The Core of Horseback Riding
To improve your endurance during the posting trot, you must first develop strong core muscles.
By Emily J. Harrington | April 15, 2014
I tire easily while posting the trot. How can I strengthen my legs when I’m not riding?
Don’t you hate it when you watch someone posting along on their horse and it looks effortless? And that’s how it should be!
Here is a breakdown of what is at work once you climb aboard your four-legged friend:
- Anytime you are sitting on a horse, your body is already working. Your leg muscles are lengthening, shortening and stabilizing.
- Your core is at work to maintain good posture and balance while the horse is moving.
- And when you move from the walk to the trot to begin posting you have added another level of fitness…the aerobic state.
Now that I’ve broken down what’s happening once on board your horse, let’s address how to prepare:
Your legs must be flexible to be able to allow the muscles to lengthen (inner thigh) and shorten (hip and gluteus medius --butt muscles). This requires stretching daily of all the large muscles of the legs and gluts. Don’t worry! You don’t have to be an expert in the art of YOGA! Any stretches you remember from high school will probable fit the bill. The key word is DAILY.
Next, that inner thigh muscle is squeezing to keep your legs on your horse, or to keep YOU on your horse. Strengthening this part of your riding can really only come from one thing: More riding! But once we address the next element of this package, your inner thighs won’t have to work as hard.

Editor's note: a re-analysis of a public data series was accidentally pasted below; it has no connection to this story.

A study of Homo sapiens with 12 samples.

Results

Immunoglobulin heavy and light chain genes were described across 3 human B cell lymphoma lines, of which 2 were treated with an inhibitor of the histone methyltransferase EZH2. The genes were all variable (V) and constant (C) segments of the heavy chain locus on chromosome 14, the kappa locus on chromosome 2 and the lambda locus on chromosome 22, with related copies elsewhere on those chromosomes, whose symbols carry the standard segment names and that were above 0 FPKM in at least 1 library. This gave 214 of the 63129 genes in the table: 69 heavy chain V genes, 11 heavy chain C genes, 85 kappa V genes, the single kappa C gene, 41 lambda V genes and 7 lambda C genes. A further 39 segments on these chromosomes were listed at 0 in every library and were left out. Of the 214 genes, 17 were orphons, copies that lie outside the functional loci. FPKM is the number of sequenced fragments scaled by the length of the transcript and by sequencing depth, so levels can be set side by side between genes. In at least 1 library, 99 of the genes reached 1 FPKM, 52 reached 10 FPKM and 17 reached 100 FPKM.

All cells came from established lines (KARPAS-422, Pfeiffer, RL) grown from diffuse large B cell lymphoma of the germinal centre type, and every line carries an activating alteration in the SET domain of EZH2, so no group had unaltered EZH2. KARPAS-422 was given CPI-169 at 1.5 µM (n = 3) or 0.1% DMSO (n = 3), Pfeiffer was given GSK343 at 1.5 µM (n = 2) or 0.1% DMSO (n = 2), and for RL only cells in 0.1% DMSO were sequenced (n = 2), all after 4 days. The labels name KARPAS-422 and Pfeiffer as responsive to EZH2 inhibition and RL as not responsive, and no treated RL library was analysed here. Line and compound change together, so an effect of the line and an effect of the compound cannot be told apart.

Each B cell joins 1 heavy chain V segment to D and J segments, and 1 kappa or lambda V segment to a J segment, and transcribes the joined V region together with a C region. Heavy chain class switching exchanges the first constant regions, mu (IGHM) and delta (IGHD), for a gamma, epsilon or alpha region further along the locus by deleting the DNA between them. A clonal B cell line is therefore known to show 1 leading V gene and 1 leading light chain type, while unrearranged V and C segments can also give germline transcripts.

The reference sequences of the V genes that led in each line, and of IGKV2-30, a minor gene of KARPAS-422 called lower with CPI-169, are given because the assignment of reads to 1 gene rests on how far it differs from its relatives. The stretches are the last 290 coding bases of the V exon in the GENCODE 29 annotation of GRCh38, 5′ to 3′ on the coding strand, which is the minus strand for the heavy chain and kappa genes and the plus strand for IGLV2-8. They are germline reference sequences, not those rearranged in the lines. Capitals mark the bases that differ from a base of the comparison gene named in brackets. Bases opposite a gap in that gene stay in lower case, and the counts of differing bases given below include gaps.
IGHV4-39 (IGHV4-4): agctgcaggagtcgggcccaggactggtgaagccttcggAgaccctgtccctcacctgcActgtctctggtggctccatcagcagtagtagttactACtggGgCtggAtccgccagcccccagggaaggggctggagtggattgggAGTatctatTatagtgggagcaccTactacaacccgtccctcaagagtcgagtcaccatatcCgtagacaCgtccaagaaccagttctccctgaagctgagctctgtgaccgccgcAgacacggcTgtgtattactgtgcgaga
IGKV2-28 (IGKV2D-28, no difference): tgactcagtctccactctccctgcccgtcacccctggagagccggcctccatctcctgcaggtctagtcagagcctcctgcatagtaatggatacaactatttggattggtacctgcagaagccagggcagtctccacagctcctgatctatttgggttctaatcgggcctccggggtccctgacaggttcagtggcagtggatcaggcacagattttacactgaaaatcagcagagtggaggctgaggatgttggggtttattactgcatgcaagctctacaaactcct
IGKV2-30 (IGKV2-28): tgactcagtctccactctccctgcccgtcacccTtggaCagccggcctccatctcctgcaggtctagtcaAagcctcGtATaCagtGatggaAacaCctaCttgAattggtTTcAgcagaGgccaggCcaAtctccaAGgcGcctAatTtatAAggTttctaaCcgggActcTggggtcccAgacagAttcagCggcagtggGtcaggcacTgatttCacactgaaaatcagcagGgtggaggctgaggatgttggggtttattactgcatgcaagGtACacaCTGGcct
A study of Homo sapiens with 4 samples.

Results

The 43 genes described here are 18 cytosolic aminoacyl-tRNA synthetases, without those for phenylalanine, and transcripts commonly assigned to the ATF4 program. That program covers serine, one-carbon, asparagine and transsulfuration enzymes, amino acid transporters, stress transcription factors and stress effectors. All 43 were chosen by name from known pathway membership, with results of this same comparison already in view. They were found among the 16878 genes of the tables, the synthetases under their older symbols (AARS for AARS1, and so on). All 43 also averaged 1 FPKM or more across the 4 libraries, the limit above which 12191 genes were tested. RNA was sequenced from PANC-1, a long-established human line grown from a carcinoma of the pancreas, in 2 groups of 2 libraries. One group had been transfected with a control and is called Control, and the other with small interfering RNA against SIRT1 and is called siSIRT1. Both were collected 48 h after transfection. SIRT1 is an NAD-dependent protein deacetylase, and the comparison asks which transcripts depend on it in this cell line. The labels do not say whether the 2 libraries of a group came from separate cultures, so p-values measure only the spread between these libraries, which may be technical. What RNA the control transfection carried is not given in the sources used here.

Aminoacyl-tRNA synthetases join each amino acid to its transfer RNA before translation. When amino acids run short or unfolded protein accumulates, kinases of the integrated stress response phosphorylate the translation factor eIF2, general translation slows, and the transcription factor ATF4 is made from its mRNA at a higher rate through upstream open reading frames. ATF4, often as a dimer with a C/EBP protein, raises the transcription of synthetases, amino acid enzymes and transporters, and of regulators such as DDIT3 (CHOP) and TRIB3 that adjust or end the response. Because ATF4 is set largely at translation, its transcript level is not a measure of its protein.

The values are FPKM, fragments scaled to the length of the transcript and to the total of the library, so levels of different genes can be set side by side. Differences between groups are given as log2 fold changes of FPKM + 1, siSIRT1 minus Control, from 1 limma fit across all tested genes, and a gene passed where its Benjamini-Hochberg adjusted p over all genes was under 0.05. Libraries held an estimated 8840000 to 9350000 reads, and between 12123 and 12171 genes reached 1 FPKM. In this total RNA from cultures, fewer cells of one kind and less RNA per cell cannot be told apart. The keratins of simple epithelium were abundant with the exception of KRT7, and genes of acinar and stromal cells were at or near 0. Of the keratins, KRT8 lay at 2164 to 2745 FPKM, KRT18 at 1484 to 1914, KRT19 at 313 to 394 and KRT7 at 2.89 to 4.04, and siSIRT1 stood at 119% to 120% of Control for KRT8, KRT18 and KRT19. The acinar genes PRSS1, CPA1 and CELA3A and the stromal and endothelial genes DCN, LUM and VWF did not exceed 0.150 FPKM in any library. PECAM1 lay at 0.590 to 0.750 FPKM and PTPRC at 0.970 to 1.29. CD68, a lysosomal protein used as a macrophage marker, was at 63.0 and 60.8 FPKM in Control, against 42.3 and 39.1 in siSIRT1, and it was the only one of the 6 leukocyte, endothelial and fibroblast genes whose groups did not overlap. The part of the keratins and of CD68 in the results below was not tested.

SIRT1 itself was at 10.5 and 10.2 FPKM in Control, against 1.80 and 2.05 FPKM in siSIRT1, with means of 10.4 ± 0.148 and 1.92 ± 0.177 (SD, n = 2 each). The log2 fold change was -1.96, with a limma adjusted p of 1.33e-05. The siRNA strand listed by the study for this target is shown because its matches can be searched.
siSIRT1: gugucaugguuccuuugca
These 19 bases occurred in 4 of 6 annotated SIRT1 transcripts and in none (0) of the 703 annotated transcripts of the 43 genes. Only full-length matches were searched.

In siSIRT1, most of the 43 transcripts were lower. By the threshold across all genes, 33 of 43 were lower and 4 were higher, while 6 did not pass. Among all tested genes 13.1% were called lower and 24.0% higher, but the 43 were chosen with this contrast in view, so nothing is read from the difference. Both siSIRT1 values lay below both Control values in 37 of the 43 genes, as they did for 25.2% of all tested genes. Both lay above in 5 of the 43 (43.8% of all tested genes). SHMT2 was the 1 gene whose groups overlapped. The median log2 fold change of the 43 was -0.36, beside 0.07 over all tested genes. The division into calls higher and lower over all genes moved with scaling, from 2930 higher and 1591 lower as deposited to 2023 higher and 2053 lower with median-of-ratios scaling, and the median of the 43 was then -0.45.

We often talk about the importance of horse health, but rider health is just as key. Check out AQHA's Riding Fit Pinterest board for tips that'll keep you in shape to horseback ride all day long!
Your core includes all muscles in the upper body that aid in maintaining posture: Abdominal, chest and back. Remember, (and this is important!), if you are weak in your core, your legs have to do the work of keeping your horse going AND helping the upper body stay still. I truly believe that without solid core strength, your legs will end up working double-time.
To keep your core strong, I suggest doing stabilization exercises such as planking, or hands/knees exercises that teach you to keep your belly tight as you move your arms and/or legs into various positions. Any kind of abdominal work is going to help tremendously. Try a pilates exercise CD, or take a class!
We have brought to light the importance of flexibility of the large muscles in the legs and strength of the core. The third part that completes the rider package is aerobic capacity. If you are getting winded in addition feeling a lot of muscle fatigue, then it’s time to get moving…on your own…without your horse.
Even if you were not an equestrian athlete, we all need at least 30 minutes of cardiovascular (aerobic) exercise three to five days a week. Walking is included, but it must be a brisk walk, not window shopping pace. Walk/jog, cycling, dancing, stair machine, treadmill, hiking… you get the point. You need to get your heart rate up and maintain it for at least 30 minutes to strengthen the muscle known as the heart.
The total riding package has muscular endurance, flexibility and aerobic capability to make it complete. You will be amazed how a little bit of effort put into these elements will make your posting trot the envy of all other riders.
Balanced fitness makes a balanced rider.
–- Emily J. Harrington, CPT, equestrienne fitness trainer, is an avid hunter jumper and an AQHA top-10 World Show finisher.